Here is a recap of the stories that appeared last week at Science-Based Medicine, a multi-author skeptical blog that separates the science from the woo-woo in medicine.

Eric Merola and Ralph Moss try to exhume the rotting corpse of Laetrile in a new movie  (David Gorski)
Eric Merola has found a new hero to worship. After two movies promoting the infamous Burzynski, he is making a new movie about Laetrile promoter Ralph Moss, who alleges that Laetrile was an effective anti-cancer drug that was suppressed. There was nothing to suppress: testing showed it didn’t work.

Depression Re-examined: A New Way to Look at an Old Puzzle (Harriet Hall)
Jonathan Rottenberg proposes an evolutionary explanation for depressive illnesses. Rather than a defect in brain chemicals, thoughts, or childhood experiences, he suggests it is not a defect at all, but a survival trait that has become maladaptive in the modern environment. His thought-provoking insights are based on recent animal and human research studies.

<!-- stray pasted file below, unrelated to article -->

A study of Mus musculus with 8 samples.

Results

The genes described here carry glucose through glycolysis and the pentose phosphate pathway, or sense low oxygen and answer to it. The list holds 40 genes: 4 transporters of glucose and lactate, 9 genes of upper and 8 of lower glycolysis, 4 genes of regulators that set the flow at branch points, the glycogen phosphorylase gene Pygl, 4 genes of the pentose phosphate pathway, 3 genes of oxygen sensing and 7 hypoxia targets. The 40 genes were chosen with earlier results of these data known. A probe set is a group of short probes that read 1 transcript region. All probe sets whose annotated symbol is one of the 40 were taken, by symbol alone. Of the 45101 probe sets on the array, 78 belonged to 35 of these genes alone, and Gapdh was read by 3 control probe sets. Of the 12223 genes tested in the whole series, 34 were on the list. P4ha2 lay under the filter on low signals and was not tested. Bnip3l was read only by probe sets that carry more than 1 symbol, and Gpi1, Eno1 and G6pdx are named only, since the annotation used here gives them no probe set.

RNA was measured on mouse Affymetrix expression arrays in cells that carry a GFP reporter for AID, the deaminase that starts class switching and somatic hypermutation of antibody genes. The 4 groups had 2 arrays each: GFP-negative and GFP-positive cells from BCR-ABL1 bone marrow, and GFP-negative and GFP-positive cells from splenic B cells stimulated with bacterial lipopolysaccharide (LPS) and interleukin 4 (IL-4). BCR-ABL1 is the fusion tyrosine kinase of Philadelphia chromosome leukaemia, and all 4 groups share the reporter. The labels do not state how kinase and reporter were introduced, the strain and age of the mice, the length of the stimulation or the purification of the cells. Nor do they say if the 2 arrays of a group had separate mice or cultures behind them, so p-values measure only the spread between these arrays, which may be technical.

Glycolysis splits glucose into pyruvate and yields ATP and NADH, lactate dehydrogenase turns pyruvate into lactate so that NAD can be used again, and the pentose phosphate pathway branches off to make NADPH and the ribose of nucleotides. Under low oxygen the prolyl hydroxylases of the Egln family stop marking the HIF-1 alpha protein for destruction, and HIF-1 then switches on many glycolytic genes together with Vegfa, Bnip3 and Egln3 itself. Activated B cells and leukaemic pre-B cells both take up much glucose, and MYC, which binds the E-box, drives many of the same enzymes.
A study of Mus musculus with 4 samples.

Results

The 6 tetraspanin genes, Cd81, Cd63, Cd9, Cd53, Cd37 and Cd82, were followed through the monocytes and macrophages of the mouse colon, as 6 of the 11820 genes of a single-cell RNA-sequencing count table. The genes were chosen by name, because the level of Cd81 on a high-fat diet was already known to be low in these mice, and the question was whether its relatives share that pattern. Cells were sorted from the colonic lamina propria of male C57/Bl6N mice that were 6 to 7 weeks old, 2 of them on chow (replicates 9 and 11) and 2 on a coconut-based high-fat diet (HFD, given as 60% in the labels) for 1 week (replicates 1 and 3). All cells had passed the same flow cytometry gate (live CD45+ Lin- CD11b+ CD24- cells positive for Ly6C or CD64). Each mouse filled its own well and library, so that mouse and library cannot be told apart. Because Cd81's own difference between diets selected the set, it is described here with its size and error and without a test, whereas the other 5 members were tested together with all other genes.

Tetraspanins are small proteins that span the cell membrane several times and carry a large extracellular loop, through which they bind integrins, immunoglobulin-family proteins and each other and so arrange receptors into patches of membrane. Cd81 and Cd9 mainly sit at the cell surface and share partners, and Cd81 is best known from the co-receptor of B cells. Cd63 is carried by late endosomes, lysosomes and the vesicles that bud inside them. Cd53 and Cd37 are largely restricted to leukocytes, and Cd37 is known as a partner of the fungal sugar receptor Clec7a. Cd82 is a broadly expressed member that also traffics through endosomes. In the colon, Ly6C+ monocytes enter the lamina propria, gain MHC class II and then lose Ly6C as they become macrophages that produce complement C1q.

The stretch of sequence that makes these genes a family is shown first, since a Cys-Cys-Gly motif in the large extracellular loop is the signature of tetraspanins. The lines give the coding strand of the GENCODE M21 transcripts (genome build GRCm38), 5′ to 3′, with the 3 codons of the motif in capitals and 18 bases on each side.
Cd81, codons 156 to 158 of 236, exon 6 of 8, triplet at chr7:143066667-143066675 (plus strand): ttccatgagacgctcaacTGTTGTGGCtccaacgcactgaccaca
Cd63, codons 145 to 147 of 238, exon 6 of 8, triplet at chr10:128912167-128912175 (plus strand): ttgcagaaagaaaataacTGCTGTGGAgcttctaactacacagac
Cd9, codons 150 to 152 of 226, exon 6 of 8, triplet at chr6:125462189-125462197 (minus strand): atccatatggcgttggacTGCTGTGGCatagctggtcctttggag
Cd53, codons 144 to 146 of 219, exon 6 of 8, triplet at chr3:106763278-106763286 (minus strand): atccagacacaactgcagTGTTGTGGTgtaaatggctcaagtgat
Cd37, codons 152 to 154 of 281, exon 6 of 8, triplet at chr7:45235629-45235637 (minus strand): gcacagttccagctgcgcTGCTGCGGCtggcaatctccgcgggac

Open Data (Steven Novella)
 The Public Library of Science (PLOS) has announced that all articles published in a PLOS journal must submit their original data so anyone can access and analyze it for themselves. This experiment in open access to data sets an example that print journals should follow. Complete transparency facilitates the self-corrective scientific process.

The Diet Fix (Scott Gavura)
Yoni Freedhoff’s new book The Diet Fix explains why diets fail and proposes a 10-day plan to get the best out of any diet. He debunks common myths and is adamant that there is no one perfect diet for everyone. He recommends behaviors and skills to support a life-long approach to healthy living and sustainable weight loss.

Measles gets a helping hand (John Snyder)
 The measles vaccine was successful in eliminating measles in the United States and is making great progress in other countries, but enlarging pockets of under-immunization threaten to derail those efforts. Antiscientific parental vaccine refusal was largely responsible for the 189 cases of measles in the US in 2013 (the highest rate in 17 years). Unvaccinated travellers bring measles into the US and it spreads to other unimmunized people. The problem is even worse in the UK.